A Q&A with glass artist Steve Heine

Jun 22, 2018 at 4:05 pm
Honeycomb Clouds Study Model
Honeycomb Clouds Study Model

You can see glass art by Steve Heine of Cranium Glass (craniumglass.squarespace.com) in the newly opened AC Hotel Louisville in NuLu. Or visit his studio in “a fine, old house” built in 1825 in Clifton Heights. 

LEO: What type of artist are you? Steve Heine: [As] a graduate of the University of Kentucky [School] of Architecture, I see my artwork as a kind of small-scale architecture. I love making things well and working with my hands. I’m fascinated by the interaction of color, light and shadow. My art feels highly resolved and balanced to me. As I design, I try to edit the ‘noise’ from my work. So, I’d say I’m a minimalist and a hybrid, both an artist and a craftsman. I often use glass within my work. My work is typically commissioned. I create both residential and corporate-scale artwork.

What is your earliest childhood memory that involved art? I’m a late bloomer. I came to art relatively late in life. The transformative experience for me was returning to architecture school at 29. I was really introduced to art then: the Bauhaus Movement, the work of Paul Gauguin and Louis Kahn and many Kentucky visual artists, the poetry of Philip Levine, the city of Venice, Italy, in the winter and early spring. I think I must have been asleep until the age of 29.

Your work is in the AC Hotel that recently opened in NuLu. Please tell us about it. The project was a collaboration with Louisville Visual Art and local architect Steve Kersey. LVA sought proposals for a permanent installation from several local artists for the hotel’s lobby space. I was eventually selected to create four of my ‘Cloud Panels.’ The large-scale panels are composed of laser-cut and folded steel, maple and integral LED lighting. The deadline for completion of the project was very tight, and I was unable to put the separate components — frames, laser-cut steel and LED light panels — together until my actual installation at the hotel just before Derby weekend. The pieces, however, turned out just as I’d envisioned them; they fit together seamlessly, and the work was installed ahead of schedule.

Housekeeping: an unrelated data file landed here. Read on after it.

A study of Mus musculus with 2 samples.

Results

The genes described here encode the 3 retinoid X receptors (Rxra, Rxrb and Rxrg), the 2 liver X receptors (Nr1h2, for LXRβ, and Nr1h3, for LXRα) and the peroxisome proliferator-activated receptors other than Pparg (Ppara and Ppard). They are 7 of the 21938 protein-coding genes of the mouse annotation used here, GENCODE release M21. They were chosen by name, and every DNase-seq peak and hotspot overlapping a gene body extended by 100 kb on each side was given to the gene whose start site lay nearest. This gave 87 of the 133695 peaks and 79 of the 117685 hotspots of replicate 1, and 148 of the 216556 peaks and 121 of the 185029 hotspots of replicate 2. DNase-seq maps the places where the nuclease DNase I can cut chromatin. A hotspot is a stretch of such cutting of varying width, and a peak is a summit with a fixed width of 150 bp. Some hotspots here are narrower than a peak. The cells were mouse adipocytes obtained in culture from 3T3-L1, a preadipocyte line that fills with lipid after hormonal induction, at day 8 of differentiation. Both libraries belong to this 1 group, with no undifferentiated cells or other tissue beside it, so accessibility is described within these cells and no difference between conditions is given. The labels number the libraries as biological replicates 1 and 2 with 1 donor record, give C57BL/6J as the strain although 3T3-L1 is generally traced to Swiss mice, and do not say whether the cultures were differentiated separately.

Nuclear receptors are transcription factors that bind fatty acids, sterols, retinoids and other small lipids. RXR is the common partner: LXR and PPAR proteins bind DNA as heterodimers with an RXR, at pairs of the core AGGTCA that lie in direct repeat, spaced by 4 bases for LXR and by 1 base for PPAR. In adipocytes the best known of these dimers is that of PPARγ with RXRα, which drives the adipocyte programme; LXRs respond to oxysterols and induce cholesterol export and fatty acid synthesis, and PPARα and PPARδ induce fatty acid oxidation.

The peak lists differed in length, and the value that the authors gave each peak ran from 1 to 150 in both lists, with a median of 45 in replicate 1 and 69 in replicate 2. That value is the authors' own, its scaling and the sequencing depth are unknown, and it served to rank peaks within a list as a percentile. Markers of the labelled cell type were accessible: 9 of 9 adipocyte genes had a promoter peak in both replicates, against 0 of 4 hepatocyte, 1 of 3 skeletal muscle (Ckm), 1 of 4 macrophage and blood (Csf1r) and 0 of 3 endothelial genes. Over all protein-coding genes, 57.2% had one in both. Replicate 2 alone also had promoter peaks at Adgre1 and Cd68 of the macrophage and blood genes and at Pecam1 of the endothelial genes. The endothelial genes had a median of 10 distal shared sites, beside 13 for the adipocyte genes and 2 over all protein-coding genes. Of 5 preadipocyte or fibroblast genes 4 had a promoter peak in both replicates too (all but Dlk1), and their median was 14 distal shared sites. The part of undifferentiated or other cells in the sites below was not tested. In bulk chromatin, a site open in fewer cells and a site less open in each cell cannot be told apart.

Although I usually envision this new work in blues or violets, the color is controlled by a small, hand-held, wi-fi remote control. The range of available colors is virtually unlimited and can be changed at any time. The four ‘Cloud Panels’ at the AC NuLu Hotel are currently programmed to shift through a wide range of color.

‘Honeycomb Clouds (detail)’ by Steve Heine. Laser-cut steel, maple, integral LED lighting.
‘Honeycomb Clouds (detail)’ by Steve Heine. Laser-cut steel, maple, integral LED lighting.

Explain your artistic process. I’ve been fascinated by the clouds over Kentucky since I can remember. A ‘Cloud Panel’ begins with a rough idea, often a concept that begins to take shape in a dream. I make an initial sketch from this idea. I then work out the details in Adobe Illustrator, refining the piece for hours over many days. Once a design feels right to me, I create a small hand-cut paper study model that allows me to see the surface of the steel before the panel is laser-cut and folded. I’d say my design process is rigorous. With my ‘Cloud Panels,’ I’m particularly interested in the subtle wash of colored light across a white surface. I’m also drawn to irony within my art: here, the use of rigid steel panels to create work inspired by clouds.

Who are some of the artists you admire? I have an affinity for the work of the Minimalist painters Carmen Herrera and Ellsworth Kelly, the Swiss architect Peter Zumthor and the short stories of Raymond Carver. Nothing is wasted within their work — each element feels essential to me.

What is something most people do not know about you? When I was in college in the early 1980s, I was an exceptional keg walker. After a party and a few beers, late at night when the campus was quiet, I’d place an empty beer keg on its side, then carefully walk on top of it all the way to sorority row and back.